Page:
November 15, 2018 by

young people in MontevideoNancy (second from left) with friends in Uruguay

Uruguay, like the rest of Latin America, communicates with WhatsApp. The last few weeks, my chat threads, at least, have been lively with conversation about Brazil and their president-elect Jair Bolsonaro. Commentaries go something like this: “worrying,” “they’re surrounding us,” “if he gets elected, Brazil’s going down” (translated literally: they’re in the oven).

Brazil, by the way, looks pretty different from underneath: what I as a North American didn’t used to grasp is just what a giant it is. Covering a staggering 47 percent of South America’s land mass, it borders every South American country except Chile and Ecuador. In other words, if something happens in Brazil, the entire continent rocks.

Right now it seems to be rocking to the right.

I don’t pretend to understand the politics of this stuff – that’s the kind of conversation I normally embarrass myself in – but recent events seem to confirm a continent-wide phenomenon that is clearly worrying people here in Uruguay. In fact, in a class on Populism in South America that I’m taking this semester, my professor compares South America to a pendulum: “First we all go way left, then we all go way right. We can’t ever just stay in the middle.”

Uruguay is very conscious of its position on the continent: a little port nation squeezed between the two biggest countries on the block. As Argentina’s economy crumbles on one side and Bolsonero takes executive office on the other, many Uruguayans feel trapped.

I have no idea what the future holds for Brazil but I see the human reaction and it’s enough to have me casting in my prayers for the thousands of Brazilians whose future is far more uncertain than mine.

The geopolitics makes for an interesting relationship: Argentina’s the big brother who Uruguay pretends to definitely not have everything in common with, but eventually ends up imitating anyways. If Alpha bomber jackets are cool in Argentina, Alpha bomber jackets will very soon be cool in Uruguay. If Argentina’s economy crashes, Uruguay’s is going down too. Brazil, on the other hand, is somewhat of an enigma, the estranged uncle who doesn’t even speak the same language (are Brazilians even Latino?). Nonetheless, it’s a pattern-setter and an economic lifeline whose upheavals Uruguay, a country with a population just a third the size of New York City, watches with unease. The slightest breeze from either of these two is enough to ruffle Uruguay’s hair.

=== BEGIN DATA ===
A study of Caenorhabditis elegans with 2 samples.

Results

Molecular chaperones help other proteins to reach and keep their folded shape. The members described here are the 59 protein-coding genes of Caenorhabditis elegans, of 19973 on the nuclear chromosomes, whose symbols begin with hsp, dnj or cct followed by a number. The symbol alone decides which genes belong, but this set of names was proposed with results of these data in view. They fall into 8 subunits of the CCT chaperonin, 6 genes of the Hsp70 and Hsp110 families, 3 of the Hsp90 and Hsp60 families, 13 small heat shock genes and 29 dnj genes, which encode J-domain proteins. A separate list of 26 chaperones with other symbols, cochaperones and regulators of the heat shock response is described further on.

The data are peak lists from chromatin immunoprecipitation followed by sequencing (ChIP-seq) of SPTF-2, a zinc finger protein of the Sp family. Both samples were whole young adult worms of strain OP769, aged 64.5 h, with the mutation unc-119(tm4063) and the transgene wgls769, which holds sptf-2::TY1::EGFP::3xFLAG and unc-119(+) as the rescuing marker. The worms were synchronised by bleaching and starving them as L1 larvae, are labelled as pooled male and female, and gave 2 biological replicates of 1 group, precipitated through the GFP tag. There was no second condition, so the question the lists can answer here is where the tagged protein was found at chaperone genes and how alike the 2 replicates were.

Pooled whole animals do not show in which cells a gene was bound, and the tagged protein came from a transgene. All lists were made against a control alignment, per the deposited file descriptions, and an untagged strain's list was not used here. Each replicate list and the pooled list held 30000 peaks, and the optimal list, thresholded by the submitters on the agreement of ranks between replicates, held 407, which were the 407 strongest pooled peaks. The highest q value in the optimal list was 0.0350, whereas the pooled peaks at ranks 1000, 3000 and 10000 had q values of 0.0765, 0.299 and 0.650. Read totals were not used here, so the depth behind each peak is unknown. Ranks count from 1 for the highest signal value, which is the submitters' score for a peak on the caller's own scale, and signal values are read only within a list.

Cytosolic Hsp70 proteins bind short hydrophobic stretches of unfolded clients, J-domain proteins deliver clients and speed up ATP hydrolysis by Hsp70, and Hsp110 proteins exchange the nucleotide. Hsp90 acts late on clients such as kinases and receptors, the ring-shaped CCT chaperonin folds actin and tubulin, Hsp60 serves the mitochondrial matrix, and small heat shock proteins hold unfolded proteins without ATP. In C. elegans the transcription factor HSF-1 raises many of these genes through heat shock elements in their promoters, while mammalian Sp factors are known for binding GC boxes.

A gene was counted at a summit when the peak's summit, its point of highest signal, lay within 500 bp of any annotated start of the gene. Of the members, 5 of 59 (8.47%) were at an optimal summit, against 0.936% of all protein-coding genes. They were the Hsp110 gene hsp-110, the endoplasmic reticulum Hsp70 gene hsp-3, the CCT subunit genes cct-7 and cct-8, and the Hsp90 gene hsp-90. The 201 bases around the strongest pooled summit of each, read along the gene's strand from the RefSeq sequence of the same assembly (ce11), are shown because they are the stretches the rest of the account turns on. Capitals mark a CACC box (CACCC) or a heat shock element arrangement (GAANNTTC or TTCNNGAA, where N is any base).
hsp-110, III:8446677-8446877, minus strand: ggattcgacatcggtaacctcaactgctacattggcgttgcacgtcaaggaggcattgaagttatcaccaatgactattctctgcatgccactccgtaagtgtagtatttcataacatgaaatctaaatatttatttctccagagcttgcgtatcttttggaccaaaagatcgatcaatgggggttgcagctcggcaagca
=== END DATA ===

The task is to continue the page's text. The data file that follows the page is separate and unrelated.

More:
Not everyone here is concerned though. So far, the implications of Bolsonaro’s win are distant and easy to dismiss. But it’s more than that. Yesterday I was talking to a friend of mine, a Uruguayan with a childhood of poverty, a dictatorship and decades of rollercoaster power changes behind her. She sees many Uruguayans as just too comfortable, willing to turn a blind eye to Bolsanaro’s troubling discourse for the sake of personal security, their own salary, their new car, or that vacation they’d planned. And she’s right: if that’s all that matters to you then Bolsanaro doesn’t necessarily present a problem. The people alarmed are those who are worried by suffering that isn’t yet theirs, those who care about the socially marginalized, the environment, the poor; who care about the fate of women, indigenous communities, and minority groups across Brazil, all of whom Bolsonaro seems to despise. His rhetoric is inflammatory and intolerant. Which to me, as someone from the US, unfortunately sounds pretty familiar.

I have no idea what the future holds for Brazil, for Uruguay or for the rest of Latin America – or the world, for that matter. Neither do I have an intelligent assessment of recent events, but I see the human reaction and it’s enough to have me casting in my prayers for the thousands of Brazilians whose future is far more uncertain than mine.

Nancy Clement is twenty-two and lives in Montevideo, Uruguay, where she is studying humanities and communications at the University of Montevideo.